Ancient oaks need more protection, say campaigners

The landmark oak
Image caption Trees like this oak near Wrexham need more protection, say campaigners

Calls to do more to protect oak trees which could have survived for hundreds of years have been made.

The Woodland Trust and the Ancient Tree Forum say trees growing in Wrexham and Chirk could be among some of the oldest in Wales.

They are calling for the planned merger of three environmental bodies in Wales to take responsibility for tree preservation powers.

The Welsh government said the matter was out for consultation.

Tree campaigners attending a conference hosted at Wrexham by Ancient Tree Forum over the weekend are to tour some of the ancient trees identified in the area.

Saturday's tour will take in the Pontfadog Oak, the largest-girthed sessile oak in Wales.

It is thought to have already been a mature tree when Owain Gwynedd Ap Gruffudd rallied his troops there, to face Henry II in the mid 12th Century.

The group will also visit veteran oaks on Wrexham Industrial Estate, which survived the area's use as a wartime munitions factory, despite having their trunks filled with concrete.

Woodland Trust spokesman Rory Francis said: "I believe that these trees were filled with concrete to prevent them being a fire hazard during wartime incendiary bombing.

"What many people don't appreciate is that it's only the outer-most wood, bark, branches and leaves which are actually alive on a tree, the rest of the wood is only there for support.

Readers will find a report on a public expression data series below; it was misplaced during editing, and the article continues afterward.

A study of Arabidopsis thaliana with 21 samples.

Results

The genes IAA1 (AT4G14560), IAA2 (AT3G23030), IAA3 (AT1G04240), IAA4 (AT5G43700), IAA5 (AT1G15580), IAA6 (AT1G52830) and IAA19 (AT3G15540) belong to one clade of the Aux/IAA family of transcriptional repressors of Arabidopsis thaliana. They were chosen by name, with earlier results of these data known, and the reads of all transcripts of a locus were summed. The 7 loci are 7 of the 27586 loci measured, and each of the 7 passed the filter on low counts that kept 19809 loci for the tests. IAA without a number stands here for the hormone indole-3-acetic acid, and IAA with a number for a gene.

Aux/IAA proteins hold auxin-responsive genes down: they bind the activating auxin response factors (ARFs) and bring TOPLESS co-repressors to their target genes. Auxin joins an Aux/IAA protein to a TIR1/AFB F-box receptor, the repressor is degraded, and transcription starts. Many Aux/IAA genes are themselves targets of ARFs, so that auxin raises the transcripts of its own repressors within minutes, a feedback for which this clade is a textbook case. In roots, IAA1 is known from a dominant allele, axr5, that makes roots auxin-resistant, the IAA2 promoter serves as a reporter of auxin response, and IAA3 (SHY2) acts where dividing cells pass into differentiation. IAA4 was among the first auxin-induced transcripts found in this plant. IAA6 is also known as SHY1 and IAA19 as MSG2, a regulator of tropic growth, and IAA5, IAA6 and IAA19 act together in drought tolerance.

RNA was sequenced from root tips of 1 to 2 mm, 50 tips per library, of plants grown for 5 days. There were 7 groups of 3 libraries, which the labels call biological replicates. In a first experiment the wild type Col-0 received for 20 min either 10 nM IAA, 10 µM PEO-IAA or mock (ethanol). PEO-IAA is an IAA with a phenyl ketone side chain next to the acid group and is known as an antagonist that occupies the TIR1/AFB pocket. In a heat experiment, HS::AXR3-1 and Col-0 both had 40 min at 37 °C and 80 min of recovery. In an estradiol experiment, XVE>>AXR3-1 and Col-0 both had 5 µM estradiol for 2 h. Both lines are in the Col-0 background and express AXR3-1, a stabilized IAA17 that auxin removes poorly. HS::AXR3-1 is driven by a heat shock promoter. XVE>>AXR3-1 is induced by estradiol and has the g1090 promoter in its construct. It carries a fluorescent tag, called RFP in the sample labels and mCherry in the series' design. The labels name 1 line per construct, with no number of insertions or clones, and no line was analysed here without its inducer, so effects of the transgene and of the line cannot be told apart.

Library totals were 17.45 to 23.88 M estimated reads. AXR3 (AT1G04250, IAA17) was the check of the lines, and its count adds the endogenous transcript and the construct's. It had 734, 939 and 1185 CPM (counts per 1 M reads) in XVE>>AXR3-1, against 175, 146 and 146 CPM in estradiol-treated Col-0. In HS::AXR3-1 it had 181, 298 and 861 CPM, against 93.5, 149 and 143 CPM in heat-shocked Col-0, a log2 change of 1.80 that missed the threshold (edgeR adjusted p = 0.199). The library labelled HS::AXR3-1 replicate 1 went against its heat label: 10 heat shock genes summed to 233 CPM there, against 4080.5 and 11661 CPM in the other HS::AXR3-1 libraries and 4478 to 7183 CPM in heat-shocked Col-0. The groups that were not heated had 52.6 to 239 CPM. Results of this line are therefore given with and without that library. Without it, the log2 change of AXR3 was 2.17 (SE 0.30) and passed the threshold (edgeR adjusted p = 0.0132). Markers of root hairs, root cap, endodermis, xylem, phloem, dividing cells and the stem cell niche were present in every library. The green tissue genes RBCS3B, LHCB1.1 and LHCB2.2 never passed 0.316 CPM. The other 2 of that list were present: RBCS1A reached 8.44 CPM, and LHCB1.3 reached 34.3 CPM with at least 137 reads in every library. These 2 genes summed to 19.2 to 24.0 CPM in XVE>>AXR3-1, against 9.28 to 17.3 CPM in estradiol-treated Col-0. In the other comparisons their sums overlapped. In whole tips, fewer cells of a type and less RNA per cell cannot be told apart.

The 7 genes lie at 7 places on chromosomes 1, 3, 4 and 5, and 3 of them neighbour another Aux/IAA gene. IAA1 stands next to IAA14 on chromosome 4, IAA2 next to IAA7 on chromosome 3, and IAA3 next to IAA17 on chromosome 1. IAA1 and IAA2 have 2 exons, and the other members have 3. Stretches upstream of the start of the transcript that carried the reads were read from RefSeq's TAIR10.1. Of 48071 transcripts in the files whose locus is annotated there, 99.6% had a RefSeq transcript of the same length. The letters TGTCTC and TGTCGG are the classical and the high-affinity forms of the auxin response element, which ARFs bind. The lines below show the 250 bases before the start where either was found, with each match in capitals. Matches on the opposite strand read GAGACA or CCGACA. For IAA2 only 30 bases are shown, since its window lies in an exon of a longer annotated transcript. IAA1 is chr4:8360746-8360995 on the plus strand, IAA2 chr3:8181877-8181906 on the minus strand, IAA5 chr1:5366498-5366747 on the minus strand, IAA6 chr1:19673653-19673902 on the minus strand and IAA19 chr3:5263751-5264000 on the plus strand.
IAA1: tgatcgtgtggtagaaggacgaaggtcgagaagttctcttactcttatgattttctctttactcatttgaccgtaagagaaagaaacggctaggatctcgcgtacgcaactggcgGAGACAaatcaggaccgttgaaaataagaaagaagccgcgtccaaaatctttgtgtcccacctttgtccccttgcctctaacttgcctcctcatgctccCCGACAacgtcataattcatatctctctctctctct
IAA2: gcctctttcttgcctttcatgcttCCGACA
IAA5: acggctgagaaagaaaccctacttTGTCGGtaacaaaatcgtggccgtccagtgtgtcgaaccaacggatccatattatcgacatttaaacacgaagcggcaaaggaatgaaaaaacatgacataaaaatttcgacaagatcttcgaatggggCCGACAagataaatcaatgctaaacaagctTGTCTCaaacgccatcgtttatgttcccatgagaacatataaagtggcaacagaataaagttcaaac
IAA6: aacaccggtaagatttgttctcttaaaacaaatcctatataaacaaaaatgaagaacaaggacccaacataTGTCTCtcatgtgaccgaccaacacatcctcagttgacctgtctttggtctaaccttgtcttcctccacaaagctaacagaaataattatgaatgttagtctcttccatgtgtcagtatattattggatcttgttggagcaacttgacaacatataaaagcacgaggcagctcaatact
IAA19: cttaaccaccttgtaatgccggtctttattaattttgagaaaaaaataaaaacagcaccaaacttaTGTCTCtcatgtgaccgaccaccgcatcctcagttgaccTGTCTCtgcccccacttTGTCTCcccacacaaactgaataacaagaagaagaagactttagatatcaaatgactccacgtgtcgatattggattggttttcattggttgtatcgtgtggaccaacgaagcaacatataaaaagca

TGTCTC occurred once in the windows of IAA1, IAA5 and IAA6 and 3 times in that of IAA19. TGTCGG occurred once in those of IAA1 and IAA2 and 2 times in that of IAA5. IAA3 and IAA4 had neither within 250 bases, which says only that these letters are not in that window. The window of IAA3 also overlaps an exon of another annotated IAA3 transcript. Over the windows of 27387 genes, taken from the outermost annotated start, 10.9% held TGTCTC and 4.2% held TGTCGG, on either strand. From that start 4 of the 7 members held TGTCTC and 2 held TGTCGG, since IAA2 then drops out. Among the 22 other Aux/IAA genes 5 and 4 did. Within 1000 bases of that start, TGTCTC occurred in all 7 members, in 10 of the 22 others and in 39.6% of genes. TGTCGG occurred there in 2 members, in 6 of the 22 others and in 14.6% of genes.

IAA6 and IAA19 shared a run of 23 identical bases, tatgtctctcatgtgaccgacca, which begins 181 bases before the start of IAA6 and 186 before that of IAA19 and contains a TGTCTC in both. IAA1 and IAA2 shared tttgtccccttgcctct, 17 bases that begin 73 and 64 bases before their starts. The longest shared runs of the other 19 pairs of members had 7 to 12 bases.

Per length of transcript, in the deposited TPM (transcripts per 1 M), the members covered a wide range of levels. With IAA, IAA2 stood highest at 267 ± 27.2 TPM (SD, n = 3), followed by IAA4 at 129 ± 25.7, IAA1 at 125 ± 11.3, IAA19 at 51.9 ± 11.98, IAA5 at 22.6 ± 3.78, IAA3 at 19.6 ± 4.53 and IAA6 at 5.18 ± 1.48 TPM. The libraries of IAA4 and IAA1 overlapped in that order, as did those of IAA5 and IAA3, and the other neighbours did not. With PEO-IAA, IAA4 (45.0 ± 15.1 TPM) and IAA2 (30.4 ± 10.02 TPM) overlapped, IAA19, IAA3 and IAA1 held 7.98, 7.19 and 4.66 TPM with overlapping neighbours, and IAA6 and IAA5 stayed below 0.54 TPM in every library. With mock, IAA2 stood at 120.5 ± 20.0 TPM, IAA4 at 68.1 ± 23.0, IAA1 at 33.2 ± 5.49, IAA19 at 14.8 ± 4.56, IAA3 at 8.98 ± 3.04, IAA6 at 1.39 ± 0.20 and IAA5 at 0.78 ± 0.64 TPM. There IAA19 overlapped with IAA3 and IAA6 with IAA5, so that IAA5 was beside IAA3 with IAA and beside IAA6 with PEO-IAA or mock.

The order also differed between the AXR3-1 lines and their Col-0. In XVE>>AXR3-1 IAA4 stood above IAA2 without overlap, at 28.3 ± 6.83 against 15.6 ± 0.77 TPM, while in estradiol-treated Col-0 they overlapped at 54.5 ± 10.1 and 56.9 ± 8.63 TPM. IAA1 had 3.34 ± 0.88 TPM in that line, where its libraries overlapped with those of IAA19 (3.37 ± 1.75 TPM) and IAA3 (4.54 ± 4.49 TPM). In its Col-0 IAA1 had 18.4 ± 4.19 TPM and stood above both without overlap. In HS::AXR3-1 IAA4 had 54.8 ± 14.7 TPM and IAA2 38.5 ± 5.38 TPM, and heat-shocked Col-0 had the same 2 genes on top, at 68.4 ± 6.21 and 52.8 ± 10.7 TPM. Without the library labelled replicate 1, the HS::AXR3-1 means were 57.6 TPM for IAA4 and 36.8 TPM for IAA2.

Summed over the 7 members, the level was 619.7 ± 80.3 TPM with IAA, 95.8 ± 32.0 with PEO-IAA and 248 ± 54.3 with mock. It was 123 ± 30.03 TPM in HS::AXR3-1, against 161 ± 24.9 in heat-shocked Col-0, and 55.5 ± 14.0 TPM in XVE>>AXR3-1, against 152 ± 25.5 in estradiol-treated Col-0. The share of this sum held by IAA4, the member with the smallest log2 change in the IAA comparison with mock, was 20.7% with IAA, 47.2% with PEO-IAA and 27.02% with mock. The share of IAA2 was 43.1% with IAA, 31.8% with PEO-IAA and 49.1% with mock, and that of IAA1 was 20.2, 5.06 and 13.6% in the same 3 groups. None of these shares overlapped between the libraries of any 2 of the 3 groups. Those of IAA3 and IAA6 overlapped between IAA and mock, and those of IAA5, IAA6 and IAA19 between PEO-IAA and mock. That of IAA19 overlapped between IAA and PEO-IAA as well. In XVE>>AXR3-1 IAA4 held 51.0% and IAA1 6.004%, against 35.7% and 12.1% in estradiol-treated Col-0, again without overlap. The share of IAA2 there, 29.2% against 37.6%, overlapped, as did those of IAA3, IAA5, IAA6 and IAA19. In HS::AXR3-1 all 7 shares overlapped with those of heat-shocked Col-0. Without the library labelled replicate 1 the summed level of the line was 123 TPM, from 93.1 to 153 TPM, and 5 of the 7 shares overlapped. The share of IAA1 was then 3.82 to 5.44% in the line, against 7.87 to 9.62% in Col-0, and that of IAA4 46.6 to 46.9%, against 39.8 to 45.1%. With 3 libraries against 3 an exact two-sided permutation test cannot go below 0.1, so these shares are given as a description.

"Hollow trees can live perfectly happily, and their rotting insides actually provide a vital habitat for all sorts of woodland creatures."

The organisations has asked volunteers to visit the sites of potentially ancient trees, and assess their likely age.

Mr Francis said the campaigners wanted the new environment body proposed by the Welsh government to take on responsibility for tree preservation orders to ensure they are issued consistently and with sufficient powers of enforcement.

Environment Minster John Griffiths has proposed merging Environment Agency Wales, the Countryside Council for Wales and Forestry Council Wales in April 2013.

'Rare and ancient'

Mr Francis added: "I'd also like to see help and advice for land-owners who have particularly rare and ancient trees on their property.

"Often people are scared of contacting their local authority because they feel, wrongly in my experience, that having a protected tree might place extra financial burdens, or might make their property harder to sell."

A Welsh Government spokesperson said: "This is a matter that is out to consultation.

"If the minister decides to proceed with the single body then the existing powers of the bodies will be transferred into the new body."